Chapters:

3.9 Allowable Costs

Compensation for Personal Services

Support of Salaries, Wages, and Fringe Benefits
Overtime Compensation

Limit on Use of Award Funds for Employee Compensation

Federal grant funds may not be used to pay cash compensation (salary plus bonuses) to any employee at a rate that exceeds 110 percent of the annual maximum salary payable to a member of the Federal Government’s Senior Executive Service (SES) at an agency with a Certified SES Performance Appraisal System for that year.


The 2017 salary table for SES employees is available on the U.S. Office of Personnel Management’s 2017 Executive and Senior Level Employee Pay Tables web page.

A recipient may compensate an employee at a higher rate, provided the amount in excess of the limitation is paid with non-Federal funds. For employees who charge only a portion of their time to an award, the allowable amount to be charged to that award is equal to the percentage of time worked on the grant times the maximum salary limit (110% of SES salary).




Charges made to Federal awards for salaries, wages, and fringe benefits must be based on records that accurately reflect the work performed and comply with the established policies and practices of the organization. See 2 C.F.R. § 200.430

  • Charges must be supported by a system of internal controls that provides reasonable assurance that the charges are accurate, allowable and properly allocated.
  • Documentation for charges must be incorporated into the official records of the organization.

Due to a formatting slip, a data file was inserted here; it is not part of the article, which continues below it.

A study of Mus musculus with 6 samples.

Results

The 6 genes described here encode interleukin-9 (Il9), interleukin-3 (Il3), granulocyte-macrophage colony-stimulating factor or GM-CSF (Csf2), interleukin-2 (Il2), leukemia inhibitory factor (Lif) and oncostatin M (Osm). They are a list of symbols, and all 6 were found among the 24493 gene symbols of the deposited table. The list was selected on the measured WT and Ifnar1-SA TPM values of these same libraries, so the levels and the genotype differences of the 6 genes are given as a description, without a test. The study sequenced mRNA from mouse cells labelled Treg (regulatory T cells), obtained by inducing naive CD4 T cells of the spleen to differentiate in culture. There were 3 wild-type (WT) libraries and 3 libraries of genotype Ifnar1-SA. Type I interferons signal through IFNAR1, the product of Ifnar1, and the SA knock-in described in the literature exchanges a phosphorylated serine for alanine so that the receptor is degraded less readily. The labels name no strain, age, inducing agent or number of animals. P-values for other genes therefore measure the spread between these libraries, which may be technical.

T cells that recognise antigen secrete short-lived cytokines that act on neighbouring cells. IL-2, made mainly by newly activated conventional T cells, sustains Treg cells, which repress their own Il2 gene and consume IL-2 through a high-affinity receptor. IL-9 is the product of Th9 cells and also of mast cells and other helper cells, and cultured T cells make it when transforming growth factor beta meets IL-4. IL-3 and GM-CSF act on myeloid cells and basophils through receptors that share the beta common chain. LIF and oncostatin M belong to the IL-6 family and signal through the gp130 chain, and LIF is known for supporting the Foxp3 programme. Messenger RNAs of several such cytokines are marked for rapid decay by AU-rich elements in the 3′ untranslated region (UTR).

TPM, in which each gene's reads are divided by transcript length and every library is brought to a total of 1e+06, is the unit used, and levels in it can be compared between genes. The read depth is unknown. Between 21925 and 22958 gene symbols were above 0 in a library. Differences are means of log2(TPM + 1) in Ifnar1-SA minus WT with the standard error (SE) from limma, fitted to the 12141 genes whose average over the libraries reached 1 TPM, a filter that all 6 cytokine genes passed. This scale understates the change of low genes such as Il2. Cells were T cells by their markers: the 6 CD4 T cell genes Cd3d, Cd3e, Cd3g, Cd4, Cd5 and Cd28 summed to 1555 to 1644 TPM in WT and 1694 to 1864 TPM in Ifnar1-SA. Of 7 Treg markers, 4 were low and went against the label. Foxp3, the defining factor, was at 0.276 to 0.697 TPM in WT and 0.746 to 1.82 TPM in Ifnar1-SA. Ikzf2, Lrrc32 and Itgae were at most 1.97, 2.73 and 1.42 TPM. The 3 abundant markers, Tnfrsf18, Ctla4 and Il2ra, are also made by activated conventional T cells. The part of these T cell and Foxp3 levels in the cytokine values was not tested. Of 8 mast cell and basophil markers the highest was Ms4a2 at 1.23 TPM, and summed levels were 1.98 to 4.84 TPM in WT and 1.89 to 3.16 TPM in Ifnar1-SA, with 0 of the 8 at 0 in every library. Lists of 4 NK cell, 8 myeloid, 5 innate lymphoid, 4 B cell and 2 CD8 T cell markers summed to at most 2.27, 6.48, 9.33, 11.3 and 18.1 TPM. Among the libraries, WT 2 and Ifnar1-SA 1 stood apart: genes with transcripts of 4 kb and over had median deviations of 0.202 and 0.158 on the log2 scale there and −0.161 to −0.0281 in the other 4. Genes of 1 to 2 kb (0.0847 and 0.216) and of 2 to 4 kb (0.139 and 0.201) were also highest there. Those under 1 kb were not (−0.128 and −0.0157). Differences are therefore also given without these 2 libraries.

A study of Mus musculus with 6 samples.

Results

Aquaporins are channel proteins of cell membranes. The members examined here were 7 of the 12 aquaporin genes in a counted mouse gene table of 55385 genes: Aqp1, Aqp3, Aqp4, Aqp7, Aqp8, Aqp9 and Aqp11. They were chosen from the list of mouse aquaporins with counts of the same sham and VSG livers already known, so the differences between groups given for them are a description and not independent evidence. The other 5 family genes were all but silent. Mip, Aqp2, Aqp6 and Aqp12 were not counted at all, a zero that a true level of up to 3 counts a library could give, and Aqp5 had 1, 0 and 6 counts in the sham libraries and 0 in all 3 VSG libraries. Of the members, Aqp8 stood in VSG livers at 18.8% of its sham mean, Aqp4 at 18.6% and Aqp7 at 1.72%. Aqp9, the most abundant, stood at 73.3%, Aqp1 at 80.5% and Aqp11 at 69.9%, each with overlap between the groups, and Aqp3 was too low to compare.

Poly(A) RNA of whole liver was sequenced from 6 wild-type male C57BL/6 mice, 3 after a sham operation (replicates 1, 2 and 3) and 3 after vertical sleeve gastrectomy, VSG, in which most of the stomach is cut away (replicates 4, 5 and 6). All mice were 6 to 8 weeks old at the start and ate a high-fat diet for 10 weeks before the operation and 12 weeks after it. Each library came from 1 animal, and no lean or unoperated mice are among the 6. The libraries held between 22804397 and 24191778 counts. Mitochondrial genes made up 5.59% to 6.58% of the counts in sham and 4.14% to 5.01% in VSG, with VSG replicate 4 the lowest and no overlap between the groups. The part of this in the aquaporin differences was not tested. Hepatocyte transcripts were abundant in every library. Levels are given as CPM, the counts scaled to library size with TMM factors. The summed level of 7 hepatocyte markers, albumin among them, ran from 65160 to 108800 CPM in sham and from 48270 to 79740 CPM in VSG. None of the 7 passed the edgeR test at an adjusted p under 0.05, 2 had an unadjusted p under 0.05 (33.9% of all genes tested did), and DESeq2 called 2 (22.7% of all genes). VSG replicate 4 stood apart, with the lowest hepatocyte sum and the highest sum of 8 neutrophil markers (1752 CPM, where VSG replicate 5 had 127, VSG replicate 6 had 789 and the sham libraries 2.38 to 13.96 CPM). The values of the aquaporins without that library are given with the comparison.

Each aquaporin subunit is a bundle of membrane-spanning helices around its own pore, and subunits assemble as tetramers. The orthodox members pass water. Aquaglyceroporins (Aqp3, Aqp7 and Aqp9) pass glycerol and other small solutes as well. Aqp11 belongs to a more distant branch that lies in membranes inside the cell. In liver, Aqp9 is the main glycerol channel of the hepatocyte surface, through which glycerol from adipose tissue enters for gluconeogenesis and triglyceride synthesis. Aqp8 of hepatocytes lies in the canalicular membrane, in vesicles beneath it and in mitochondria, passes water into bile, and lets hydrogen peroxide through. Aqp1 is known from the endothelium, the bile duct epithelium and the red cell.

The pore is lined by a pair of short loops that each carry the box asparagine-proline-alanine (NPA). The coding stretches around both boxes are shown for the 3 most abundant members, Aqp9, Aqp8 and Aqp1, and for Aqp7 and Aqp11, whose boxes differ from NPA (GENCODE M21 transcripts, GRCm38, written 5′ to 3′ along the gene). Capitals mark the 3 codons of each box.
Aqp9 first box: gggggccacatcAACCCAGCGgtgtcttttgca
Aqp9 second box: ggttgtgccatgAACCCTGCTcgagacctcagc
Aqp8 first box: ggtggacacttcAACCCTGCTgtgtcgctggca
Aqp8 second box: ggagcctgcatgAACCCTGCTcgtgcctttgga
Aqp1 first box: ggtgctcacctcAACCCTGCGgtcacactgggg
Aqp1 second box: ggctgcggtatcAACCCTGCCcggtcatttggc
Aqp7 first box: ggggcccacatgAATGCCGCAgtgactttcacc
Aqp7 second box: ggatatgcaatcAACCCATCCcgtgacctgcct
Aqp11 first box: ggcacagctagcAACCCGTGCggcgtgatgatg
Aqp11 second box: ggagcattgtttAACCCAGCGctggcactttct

• Support must reasonably reflect the total activity for which the employee is compensated by the organization and cover both federally funded and all other activities. The records may include the use of subsidiary records as defined in the organization’s written policies.
  • Where grant recipients work on multiple grant programs or cost activities, documentation must support a reasonable allocation or distribution of costs among specific activities or cost objectives.
  • In cases where two or more grants constitute one identified activity or program, salary charges to one grant may be allowable after written permission is obtained from the awarding agency.
  • The recipient must complete and keep on file, as appropriate in accordance with Federal law, the U.S. Citizenship and Immigration Services’ Employment Eligibility Verification Form I-9 for individuals working under the award. This form is to be used by recipients of Federal funds to verify that persons are eligible to work in the United States.



A recipient or subrecipient may employ a State or local government worker to complete tasks in addition to his or her full-time job, provided the work is performed on the employee's own time and:

  • Compensation paid should be reasonable and consistent with that paid for similar work in other activities of State or local government;
  • The employment arrangement is approved and proper under State or local regulations (e.g., no conflict of interest); and
  • The time and/or services provided are supported by adequate documentation.


Unless specifically exempted under the Fair Labor Standards Act, recipient and subrecipient employees should be compensated with overtime payments for work performed in excess of the established work week (usually 40 hours).

  • Payment of more than occasional overtime is subject to periodic review by the awarding agency.
  • In addition, overtime compensation is typically reviewed during site visits and audits.

Executives, administrative and professional employees who meet the criteria for an exemption from the overtime requirements of the Fair Labor Standards Act may not be reimbursed for overtime under grants and cooperative agreements. More information on overtime exemptions under the Fair Labor Standards Act is available on the Department of Labor’s website at https://www.dol.gov/whd/overtime_pay.htm.